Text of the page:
PHOENIX -- A bunt led to a brawl in the World Baseball Classic on Saturday, with players from Mexico and Canada exchanging blows in a melee that resulted in seven ejections and a call for changes in the tournament’s rules.
“That’s not the way baseball is supposed to be played,” Team Canada manager Ernie Whitt said following his team’s 10-3 victory that turned violent at the end.
It’s not the way it’s normally played, that’s for sure.
But in a round-robin tournament in which every run is significant — the more the merrier — matters got out of hand in the top of the ninth inning at Chase Field when Canada’s Chris Robinson, with his team leading 9-3, dropped down a bunt single to open the inning.
Under normal circumstances, Robinson’s bunt would be considered a serious breach of etiquette and not attempted out of professional courtesy. But the WBC rules are different.
Run differential is the first tiebreaker when two teams have the same record, and with only two of the four countries in each pool advancing to the next round, chances are good it will come down to that.
As a result, piling it on is not only permitted in the WBC, it’s advised.
“In this tournament, you play baseball like it’s 0-0,” Whitt said. “You play it like a 0-0 game the whole time.”
Even before the ninth, Saturday’s contest had been chippy.
Canada’s Rene Tosoni had upended Mexico shortstop Gil Velazquez with a hard slide into second, and Karim Garcia had bulled over Robinson, the Canadian catcher, on a play at the plate. Robinson, who had been hit in the groin with a foul ball on the previous pitch, applied the tag.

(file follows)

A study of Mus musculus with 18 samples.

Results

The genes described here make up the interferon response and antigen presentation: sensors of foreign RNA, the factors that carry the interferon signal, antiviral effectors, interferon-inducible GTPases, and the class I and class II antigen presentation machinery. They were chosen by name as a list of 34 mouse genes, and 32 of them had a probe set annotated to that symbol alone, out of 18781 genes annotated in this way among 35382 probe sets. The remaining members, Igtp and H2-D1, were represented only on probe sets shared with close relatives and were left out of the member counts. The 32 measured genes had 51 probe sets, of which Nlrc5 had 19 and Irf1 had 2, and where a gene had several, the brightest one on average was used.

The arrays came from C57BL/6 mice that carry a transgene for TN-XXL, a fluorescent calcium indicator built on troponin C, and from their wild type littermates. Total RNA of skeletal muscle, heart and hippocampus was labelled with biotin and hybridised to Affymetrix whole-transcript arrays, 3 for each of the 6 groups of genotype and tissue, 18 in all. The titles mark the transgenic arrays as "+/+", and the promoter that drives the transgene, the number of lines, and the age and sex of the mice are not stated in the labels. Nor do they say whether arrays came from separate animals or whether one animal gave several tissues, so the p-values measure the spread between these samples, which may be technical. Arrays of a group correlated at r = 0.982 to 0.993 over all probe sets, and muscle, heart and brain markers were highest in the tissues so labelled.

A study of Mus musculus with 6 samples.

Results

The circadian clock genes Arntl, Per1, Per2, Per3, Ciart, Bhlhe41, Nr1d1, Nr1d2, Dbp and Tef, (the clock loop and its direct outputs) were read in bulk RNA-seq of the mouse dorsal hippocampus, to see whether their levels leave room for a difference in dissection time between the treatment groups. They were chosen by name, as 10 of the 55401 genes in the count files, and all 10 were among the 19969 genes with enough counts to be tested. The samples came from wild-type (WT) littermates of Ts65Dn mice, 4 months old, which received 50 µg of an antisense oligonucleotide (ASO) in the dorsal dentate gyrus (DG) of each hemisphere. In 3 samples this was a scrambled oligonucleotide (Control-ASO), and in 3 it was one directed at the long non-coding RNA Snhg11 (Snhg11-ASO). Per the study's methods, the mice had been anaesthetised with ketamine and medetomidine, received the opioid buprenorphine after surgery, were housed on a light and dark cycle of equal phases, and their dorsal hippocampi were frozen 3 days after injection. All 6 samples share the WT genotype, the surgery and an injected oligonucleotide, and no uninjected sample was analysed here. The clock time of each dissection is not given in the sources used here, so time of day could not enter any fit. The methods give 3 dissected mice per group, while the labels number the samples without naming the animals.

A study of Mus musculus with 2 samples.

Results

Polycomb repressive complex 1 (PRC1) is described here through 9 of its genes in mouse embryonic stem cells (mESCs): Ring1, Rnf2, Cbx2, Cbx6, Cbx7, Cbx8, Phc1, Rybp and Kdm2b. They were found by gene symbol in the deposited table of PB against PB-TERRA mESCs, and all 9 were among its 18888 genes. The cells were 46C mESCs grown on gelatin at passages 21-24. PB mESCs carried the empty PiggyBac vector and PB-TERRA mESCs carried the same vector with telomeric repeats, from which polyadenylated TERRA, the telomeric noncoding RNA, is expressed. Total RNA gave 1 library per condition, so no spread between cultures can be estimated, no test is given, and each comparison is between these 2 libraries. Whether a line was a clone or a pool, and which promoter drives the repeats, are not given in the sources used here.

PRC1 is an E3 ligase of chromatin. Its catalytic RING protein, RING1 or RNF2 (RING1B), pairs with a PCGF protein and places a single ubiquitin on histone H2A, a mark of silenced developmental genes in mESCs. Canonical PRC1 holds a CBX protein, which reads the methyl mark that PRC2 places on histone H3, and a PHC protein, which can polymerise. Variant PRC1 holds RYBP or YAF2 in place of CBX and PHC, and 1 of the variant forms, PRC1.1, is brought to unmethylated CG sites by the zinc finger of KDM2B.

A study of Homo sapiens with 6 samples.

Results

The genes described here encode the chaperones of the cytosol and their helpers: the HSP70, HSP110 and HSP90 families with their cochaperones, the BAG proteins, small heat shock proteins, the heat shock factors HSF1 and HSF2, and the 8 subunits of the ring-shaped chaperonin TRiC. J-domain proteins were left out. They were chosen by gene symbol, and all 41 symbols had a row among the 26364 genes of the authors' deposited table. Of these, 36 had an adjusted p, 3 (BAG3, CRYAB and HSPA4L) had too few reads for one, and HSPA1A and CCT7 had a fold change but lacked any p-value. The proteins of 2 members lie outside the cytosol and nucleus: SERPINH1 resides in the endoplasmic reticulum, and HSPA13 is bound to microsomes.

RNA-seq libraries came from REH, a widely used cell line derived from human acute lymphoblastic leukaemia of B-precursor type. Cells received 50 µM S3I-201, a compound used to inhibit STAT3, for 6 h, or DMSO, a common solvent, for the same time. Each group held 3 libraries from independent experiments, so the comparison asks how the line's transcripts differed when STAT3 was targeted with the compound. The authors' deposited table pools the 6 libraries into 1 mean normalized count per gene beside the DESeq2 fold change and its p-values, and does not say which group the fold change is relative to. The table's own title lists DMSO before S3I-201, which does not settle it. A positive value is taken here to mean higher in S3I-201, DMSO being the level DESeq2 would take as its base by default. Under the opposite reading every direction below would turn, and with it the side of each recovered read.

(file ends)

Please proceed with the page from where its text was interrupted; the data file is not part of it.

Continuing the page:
“It was just unfortunate that it was the pitch after getting hit in the [genitals], Robinson said. “I hadn’t even caught my breath yet, so I was talking in my soprano voice.”
But the game really turned physical in the ninth.
Mexico didn’t take kindly to Robinson’s bunt, seeing it as a sign of disrespect, rather than a strategical decision, and went after Canada’s next hitter, Tosoni. Replays showed Mexico third baseman Luis Cruz motioning to pitcher Arnold Leon and pointing to his ribs.
The message, in other words: take aim on Tosoni.
Cruz missed with two inside pitches near Tosoni’s knee, resulting in a warning to both benches by home plate umpire Brian Gorman. The warning did not dissuade Leon, though, and he drilled Tosoni in the back with the next pitch.
Benches cleared immediately, and the situation deteriorated quickly.
Unlike most baseball skirmishes, tempers in Saturday’s disagreement resulted in fisticuffs, as a huge throng of players for both teams congregated at home plate and began throwing punches, hauling each other to the ground, and putting their opponents in headlocks.
“It’s part of the game that you don’t see all the time,” Canada first baseman Justin Morneau said. “Usually it’s just words being said. There’s not always punches being thrown. But there’s a point you’ve got to stand up for yourself.”
The turmoil spilled over into the stands.
A bottle was thrown from behind the Canada’s dugout that struck their pitching coach Denis Boucher in the face. Later, after order was restored and the game resumed, a fan threw a ball onto the field that nearly hit Larry Walker, Canada’s first-base coach.